The Senate Judiciary Committee will investigate the Supreme Court's practice of deciding complex cases on an emergency basis as a result of the justices refusing to halt Texas' abortion law.
The Hill reported that the high court used the increasingly common practice this week when it ruled on the Texas abortion ban.
The ''shadow docket'' allows the court to produce rulings without having received a comprehensive set of court documents or without hearing oral arguments, according to The Hill.
''The Supreme Court must operate with the highest regard for judicial integrity in order to earn the public's trust,'' committee Chairman Dick Durbin, D-Ill., said Friday in a statement.
''This anti-choice law is a devastating blow to Americans' constitutional rights — and the Court allowed it to see the light of day without public deliberation or transparency. At a time when public confidence in government institutions has greatly eroded, we must examine not just the constitutional impact of allowing the Texas law to take effect, but also the conservative Court's abuse of the shadow docket.''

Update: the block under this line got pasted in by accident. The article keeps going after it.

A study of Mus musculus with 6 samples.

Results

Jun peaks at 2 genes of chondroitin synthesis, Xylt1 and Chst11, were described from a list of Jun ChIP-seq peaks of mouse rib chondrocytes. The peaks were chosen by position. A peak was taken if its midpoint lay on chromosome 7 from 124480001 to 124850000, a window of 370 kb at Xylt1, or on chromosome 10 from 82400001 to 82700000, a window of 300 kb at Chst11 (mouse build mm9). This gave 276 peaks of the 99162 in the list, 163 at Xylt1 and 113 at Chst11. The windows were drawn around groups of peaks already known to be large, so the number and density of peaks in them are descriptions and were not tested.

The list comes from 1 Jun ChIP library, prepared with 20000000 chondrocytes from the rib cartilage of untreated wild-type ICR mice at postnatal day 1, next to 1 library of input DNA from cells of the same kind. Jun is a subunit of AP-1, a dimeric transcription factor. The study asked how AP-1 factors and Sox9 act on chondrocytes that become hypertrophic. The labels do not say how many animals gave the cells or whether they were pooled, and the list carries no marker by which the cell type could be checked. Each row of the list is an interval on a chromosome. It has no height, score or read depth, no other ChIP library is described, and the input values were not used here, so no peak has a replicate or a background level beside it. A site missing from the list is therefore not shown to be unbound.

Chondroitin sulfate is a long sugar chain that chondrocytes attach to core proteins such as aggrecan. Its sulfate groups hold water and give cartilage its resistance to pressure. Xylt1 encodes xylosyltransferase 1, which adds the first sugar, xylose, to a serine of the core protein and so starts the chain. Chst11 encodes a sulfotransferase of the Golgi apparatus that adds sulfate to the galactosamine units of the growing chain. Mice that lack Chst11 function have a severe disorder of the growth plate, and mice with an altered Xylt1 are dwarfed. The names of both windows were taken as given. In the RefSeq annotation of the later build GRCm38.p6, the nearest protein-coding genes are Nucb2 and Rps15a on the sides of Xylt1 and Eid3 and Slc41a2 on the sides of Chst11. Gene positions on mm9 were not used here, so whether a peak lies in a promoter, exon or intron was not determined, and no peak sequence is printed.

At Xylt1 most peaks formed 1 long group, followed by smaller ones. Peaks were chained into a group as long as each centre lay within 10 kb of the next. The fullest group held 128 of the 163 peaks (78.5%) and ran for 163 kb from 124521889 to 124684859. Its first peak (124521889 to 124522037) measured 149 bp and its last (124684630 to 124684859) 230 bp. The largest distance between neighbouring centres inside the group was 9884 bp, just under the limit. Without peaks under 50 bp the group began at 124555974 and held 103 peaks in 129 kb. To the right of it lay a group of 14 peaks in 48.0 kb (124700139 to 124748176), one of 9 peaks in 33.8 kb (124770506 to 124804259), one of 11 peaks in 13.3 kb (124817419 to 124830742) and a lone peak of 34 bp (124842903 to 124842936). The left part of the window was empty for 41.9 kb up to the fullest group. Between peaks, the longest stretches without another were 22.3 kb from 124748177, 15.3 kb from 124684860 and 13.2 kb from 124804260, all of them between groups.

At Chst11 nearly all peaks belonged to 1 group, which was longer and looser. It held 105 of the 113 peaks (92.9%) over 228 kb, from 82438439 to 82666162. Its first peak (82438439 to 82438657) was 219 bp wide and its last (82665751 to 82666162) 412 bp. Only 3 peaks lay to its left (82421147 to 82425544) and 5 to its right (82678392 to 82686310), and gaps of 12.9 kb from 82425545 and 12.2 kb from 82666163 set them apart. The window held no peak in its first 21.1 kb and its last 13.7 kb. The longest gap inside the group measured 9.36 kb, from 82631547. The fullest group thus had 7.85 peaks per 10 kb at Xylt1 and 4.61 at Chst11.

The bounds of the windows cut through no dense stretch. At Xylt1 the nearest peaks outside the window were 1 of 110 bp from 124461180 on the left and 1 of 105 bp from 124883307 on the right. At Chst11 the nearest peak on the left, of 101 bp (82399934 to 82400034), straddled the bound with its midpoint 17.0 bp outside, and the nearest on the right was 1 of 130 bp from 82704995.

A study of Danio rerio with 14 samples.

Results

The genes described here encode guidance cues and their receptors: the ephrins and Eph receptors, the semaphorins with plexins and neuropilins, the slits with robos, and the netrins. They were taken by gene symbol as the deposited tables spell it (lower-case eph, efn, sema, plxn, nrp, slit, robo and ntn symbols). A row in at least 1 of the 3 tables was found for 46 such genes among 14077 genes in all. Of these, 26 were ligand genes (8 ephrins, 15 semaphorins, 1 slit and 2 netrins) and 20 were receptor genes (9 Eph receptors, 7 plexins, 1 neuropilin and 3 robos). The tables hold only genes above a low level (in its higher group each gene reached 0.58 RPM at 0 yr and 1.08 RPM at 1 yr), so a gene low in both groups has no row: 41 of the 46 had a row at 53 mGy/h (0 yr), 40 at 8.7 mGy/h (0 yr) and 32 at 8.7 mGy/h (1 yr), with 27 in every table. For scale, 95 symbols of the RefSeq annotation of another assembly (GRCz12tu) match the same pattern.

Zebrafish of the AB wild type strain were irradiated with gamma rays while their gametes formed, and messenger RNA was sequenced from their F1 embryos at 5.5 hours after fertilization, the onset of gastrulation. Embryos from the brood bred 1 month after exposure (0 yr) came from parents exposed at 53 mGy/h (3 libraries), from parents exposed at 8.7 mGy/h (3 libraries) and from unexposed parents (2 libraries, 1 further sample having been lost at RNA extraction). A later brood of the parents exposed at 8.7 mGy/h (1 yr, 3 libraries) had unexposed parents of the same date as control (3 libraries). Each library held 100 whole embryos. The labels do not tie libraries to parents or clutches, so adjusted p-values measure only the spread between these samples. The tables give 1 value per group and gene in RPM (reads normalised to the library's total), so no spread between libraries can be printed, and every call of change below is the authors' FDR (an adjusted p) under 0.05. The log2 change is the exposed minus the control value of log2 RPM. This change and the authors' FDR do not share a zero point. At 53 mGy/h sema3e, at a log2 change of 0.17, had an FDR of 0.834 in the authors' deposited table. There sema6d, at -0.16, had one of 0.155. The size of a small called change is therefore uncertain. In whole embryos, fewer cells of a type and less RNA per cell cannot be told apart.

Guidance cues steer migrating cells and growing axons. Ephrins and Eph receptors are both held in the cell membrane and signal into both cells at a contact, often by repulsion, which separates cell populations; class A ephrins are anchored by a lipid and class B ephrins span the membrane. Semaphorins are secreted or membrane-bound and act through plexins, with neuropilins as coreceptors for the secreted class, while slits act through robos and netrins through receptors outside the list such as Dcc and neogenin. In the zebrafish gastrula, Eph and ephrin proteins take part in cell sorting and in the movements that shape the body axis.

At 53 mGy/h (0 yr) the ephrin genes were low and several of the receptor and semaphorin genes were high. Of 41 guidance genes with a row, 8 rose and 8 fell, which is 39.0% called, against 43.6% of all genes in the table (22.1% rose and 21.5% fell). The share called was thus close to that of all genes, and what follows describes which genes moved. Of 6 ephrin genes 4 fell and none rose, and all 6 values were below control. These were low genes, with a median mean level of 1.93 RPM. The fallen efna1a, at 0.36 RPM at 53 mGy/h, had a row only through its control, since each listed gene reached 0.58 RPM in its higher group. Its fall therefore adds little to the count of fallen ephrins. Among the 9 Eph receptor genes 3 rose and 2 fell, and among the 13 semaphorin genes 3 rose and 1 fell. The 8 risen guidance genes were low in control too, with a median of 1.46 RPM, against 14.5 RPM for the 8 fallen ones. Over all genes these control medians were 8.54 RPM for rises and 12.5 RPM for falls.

In a series of tweets, the Judiciary Committee's Democrats added: ''The Senate Judiciary Committee will hold a hearing examining the Texas abortion ban and the Supreme Court's abuse of its ‘shadow-docket.'''
It said, ''The Supreme Court's midnight order calls into question the consequences of the conservative majority's increased use of the ‘shadow docket' in judicial review, which can hinder public confidence and leave lower courts in the dark about how to apply the Court's precedent"
The Hill noted that just before midnight on Wednesday, the high court used the procedure once again to deny a request to block the Texas law, which prohibits abortions after the presence of a fetal heartbeat, which is usually about six weeks into pregnancy.
The justices voted 5-4 to reject an emergency request by abortion and women's health providers for an injunction of enforcement of the ban, according to Reuters.